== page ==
The game required a year and a half of research before development even began.
Former Team Bondi head Brendan McNamara has reflected on the lengthy (and troubled) development of LA Noire, stating that the game was "probably too big".
In an interview with Official PlayStation Magazine, McNamara gave his views on why the delayed title took so long to make.
"It's a huge game – probably too big," he said. "The map's massive, and so that's probably my fault. We had to build a new process to do that. We were a brand-new studio – we had brand-new tools, new technology. We have tools that allow you to build cities now, but we had to build that kind of stuff and make it work.
"Everything from the road network, where all the trolley cars go, all the cables connecting automatically to all of the buildings. The tech was pretty extensive, including MotionScan."
McNamara added that LA Noire required extensive work in terms of pre-production research:
"I'd say the first year and a half – [maybe] even longer – was just research. Newspaper research, guys going over to LA and doing research on the buildings, taking photos, getting all the resources together... We were quite a small studio – 16 people or something – and we had to have all this material so we could start building stuff."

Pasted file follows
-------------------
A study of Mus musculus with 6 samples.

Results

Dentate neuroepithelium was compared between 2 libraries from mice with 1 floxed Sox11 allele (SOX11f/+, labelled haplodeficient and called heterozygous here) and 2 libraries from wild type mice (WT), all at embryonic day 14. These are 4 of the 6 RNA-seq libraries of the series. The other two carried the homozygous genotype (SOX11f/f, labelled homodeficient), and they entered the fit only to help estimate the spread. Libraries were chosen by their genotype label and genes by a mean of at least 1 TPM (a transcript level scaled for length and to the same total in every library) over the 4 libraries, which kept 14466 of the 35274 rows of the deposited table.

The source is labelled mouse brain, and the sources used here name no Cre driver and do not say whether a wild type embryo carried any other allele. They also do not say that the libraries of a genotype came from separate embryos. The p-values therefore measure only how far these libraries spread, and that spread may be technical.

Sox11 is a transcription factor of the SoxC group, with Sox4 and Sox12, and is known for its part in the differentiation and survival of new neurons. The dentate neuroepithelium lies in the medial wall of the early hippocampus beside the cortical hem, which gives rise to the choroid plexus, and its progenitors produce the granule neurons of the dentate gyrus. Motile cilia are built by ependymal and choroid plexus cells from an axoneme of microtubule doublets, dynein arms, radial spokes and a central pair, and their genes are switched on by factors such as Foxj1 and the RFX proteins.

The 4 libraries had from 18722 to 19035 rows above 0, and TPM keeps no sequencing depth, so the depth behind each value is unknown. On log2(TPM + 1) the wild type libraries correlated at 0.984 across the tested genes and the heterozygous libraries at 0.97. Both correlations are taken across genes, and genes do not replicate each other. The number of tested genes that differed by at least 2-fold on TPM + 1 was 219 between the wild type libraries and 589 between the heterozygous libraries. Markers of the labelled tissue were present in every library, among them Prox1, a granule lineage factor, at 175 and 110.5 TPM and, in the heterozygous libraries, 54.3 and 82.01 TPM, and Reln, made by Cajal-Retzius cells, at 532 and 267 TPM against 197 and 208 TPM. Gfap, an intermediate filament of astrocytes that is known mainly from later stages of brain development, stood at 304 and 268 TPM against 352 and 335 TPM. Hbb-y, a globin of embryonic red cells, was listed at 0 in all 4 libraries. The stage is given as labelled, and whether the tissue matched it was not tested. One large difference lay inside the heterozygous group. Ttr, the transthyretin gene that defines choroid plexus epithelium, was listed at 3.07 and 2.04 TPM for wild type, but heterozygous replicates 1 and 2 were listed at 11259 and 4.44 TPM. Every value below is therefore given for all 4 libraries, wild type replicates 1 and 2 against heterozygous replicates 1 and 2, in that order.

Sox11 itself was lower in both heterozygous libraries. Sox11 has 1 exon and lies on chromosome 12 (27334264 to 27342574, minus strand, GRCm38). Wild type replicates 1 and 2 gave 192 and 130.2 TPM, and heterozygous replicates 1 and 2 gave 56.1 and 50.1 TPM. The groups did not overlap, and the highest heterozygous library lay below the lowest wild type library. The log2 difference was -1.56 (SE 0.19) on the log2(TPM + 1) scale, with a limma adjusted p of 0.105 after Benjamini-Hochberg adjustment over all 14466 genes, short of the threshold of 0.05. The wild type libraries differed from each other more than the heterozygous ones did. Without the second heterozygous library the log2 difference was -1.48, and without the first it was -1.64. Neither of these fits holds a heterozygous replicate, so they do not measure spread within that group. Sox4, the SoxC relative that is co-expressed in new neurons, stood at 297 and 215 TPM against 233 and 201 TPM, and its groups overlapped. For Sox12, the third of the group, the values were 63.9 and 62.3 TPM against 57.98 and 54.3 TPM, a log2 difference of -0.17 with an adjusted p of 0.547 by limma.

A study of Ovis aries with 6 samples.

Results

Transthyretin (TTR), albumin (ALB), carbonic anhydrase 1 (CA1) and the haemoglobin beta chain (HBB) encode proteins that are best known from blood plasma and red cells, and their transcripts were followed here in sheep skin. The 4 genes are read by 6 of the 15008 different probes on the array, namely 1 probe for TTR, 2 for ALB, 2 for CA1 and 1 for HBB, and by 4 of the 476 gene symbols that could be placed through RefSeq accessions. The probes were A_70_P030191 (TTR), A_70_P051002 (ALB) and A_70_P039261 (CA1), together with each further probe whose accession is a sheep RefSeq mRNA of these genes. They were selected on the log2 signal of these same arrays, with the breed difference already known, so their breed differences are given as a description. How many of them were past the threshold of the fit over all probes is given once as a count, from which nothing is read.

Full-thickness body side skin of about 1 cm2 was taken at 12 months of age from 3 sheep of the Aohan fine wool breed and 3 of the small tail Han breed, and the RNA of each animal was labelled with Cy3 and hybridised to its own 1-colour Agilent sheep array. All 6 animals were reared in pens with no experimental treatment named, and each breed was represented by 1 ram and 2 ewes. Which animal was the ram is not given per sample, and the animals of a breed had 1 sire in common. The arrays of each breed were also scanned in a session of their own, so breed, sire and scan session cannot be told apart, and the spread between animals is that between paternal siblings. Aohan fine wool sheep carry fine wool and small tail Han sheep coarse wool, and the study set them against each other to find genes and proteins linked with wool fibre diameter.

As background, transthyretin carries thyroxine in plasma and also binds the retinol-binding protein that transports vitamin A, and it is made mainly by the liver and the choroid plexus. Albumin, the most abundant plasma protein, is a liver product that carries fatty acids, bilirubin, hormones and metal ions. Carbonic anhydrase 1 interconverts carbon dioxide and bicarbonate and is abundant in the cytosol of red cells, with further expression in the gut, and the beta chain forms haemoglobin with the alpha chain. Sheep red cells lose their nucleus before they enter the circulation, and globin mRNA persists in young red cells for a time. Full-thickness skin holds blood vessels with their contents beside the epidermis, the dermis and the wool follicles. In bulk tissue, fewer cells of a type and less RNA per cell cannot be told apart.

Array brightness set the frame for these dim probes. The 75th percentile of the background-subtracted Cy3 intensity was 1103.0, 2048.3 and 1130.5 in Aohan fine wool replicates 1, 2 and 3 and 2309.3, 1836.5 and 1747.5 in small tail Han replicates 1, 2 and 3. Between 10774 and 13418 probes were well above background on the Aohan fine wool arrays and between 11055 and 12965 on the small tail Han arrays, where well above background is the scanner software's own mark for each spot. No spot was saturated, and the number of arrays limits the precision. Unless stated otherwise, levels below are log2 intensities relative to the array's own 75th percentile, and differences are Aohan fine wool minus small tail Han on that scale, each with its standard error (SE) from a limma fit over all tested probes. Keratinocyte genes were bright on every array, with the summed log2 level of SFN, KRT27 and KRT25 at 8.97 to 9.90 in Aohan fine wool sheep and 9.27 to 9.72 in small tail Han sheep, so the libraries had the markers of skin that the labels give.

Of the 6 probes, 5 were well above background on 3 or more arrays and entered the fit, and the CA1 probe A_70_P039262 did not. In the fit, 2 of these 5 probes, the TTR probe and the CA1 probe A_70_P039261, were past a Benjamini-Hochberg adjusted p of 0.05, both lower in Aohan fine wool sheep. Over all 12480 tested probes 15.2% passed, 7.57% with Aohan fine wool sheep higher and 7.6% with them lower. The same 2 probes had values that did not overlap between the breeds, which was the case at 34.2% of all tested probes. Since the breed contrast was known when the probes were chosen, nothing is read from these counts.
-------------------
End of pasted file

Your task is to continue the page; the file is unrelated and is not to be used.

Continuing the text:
In the same interview, McNamara comments on the final days of the game's production, which led to a massive increase in work hours for the development team. McNamara subsequently received criticism for forcing employees to work under "sweatshop conditions".
"It was a long, painful process, but making games is like making films in that it's a marathon, not a sprint – and some people come into the process not knowing that," said McNamara. "I’'d love to spend more time at home with my family and kids. We run things differently now – we have flexi-hours, for example. But everybody has their view on who's the worst boss in the world, and maybe that's me.
"I've read some amazing things about Steve Jobs in his biography, and I've never seen him get as vilified any way as much as I have. Sam Peckinpah fired [plenty of] people off one movie, and nobody said a thing. Werner Herzog pulled a gun on Klaus Kinski to get him to finish a movie! Obviously I don't compare myself to any of those people..."
That Werner Herzog story isn't true, apparently. It's still a great movie legend, though.